Attached Files: ‘301 Student Name Assignment Name’

Subject Lines and file names

‘301 Student Name Assignment name’

I am sure you can all imagine how much email and how many documents I file on a regular basis — all you need to do to is multiply the assignments you are responsible for each week by the number of students in the class, and you can easily imagine how many documents I deal with daily.

I do not open all the emails that arrive in my box and I do not read every attachment I open in the moment; rather, I file them according to their subject and student name. If you do not name your attachments correctly, I have to stop and rename the file.

This is reminder to consider the Subject lines carefully – how can you best assist your reader in terms of identifying the message without opening? How can you enable your reader to quickly file the message?  Or, alternatively, if your email requires a response, how can you alert your reader to that necessity?

While the emails you use to communicate with in this course are only worth 7% of your total grade, it is nonetheless so important that you learn the skill of professional emailing – and that you understand the differences between the purpose of sending a memo or a message. If there were a final exam for this course, I would ask that question, because it is important; memos serve a different purpose and different reader[s]  than messages.

And as you are aware, today, emailing is the main form of communications between professionals.

 Attached Files

First, what are the differences between a pdf file and a word doc file? If you do not know the answer to this question, please go to the index in our text book and look up PDF (Portable Document Format).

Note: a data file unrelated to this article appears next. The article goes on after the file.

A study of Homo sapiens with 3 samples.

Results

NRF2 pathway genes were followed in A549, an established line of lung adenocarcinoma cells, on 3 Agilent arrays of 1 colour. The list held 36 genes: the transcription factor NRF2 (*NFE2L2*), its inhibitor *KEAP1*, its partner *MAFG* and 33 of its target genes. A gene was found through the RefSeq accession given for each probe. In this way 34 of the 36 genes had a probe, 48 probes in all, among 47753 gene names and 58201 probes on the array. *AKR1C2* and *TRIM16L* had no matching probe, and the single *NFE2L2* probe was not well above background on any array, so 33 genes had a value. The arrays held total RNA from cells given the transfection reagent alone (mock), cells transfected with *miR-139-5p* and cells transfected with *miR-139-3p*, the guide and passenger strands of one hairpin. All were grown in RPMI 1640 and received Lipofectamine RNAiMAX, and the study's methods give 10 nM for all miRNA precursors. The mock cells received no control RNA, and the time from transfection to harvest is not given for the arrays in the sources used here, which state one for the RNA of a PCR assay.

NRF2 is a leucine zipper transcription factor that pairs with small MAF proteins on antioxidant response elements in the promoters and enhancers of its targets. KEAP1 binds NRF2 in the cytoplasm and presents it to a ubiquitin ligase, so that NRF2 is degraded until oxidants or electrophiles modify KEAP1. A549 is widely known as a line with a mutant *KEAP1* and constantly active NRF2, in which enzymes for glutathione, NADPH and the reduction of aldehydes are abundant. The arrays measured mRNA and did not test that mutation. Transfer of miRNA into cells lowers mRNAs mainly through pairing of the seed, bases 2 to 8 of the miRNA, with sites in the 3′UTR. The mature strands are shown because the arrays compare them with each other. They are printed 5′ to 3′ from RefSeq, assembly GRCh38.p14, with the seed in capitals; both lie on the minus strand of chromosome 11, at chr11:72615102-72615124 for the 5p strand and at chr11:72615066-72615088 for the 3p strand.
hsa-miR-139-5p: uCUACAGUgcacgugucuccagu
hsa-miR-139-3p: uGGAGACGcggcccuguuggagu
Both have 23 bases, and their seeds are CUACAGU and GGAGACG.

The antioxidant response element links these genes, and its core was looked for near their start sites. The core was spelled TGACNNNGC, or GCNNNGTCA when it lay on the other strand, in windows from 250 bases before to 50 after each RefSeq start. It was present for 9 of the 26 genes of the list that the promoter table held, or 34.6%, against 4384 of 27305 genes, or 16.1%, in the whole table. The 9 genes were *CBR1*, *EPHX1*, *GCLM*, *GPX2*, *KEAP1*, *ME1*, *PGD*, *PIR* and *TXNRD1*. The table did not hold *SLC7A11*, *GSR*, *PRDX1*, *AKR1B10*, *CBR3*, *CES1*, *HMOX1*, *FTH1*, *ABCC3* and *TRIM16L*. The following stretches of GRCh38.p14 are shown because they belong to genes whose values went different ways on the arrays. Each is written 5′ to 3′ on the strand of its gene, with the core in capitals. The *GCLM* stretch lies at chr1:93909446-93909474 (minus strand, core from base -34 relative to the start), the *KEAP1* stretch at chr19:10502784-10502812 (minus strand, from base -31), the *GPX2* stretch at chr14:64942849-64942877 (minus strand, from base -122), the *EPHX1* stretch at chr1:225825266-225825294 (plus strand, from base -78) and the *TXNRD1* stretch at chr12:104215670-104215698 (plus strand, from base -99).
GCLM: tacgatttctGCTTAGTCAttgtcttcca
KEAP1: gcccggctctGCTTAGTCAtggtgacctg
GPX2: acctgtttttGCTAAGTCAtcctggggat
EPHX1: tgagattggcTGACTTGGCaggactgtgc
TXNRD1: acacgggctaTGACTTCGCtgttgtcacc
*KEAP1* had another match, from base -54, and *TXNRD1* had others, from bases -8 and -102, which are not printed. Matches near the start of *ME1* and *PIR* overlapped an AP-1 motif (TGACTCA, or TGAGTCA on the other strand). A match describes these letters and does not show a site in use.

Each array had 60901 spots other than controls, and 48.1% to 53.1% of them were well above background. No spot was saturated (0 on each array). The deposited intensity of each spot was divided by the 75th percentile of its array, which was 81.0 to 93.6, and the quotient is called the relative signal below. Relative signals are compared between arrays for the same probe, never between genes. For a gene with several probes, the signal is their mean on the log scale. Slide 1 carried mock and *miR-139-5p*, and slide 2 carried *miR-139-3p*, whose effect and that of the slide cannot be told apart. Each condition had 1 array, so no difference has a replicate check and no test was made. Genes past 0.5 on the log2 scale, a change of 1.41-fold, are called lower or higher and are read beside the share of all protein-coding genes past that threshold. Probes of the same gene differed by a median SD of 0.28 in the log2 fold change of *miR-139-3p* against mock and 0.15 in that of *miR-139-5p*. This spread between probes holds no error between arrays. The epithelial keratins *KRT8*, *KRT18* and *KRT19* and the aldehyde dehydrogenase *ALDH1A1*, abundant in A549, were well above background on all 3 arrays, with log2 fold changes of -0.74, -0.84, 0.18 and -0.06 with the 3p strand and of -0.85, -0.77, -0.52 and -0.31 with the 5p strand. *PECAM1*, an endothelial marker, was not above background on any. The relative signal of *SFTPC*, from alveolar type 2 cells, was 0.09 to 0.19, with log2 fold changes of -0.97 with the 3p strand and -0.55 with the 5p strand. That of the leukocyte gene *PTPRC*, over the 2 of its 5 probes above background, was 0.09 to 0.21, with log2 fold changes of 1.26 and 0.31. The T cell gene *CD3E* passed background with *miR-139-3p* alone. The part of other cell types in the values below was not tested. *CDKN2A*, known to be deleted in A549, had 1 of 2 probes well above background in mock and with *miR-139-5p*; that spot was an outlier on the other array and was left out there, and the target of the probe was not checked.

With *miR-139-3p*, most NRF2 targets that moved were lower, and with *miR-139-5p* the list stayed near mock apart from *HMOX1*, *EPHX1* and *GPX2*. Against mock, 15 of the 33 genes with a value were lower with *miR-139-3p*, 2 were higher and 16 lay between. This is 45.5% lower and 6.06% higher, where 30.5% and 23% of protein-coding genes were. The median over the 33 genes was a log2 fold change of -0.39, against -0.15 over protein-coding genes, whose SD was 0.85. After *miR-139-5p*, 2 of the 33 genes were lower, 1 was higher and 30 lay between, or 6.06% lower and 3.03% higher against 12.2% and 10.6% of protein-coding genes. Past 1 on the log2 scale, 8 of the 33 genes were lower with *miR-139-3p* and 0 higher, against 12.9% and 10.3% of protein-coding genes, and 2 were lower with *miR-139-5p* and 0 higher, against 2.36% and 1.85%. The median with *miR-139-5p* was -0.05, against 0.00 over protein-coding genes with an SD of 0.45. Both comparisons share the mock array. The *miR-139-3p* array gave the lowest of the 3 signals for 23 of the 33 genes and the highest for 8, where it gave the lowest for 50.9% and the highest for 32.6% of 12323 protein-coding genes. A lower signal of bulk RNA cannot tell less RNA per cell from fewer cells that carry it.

All attached files should be correctly named. When I receive an attached file, I need to file that attachment.
Sometimes, I open an incorrectly named file, and the document does not have a student name, there is no date and sometimes, not even a name for the assignment. So, I have to stop and figure out who’s work is this ? –  and then name and date and title the document before I re-file  – when what I want to be doing is providing feedback and evaluations.
The moral behind this post about subject lines and file names is: ALWAYS CONSIDER YOU READER’S NEEDS FIRST. Stop and think about how your document or message or memo will be used  – who is reading, who is filing, is your message or document likely to be passed on to another reader? If so, you need to consider all possible readers.
I hope the following notes are helpful and that future correspondence have clear and complete subject lines and attachments will be correctly named, and the attached document will include course number, student name, date, and title of the document at the top. Thanks and enjoy.
So, subject lines and attachment files correctly named are foundational to professional correspondence.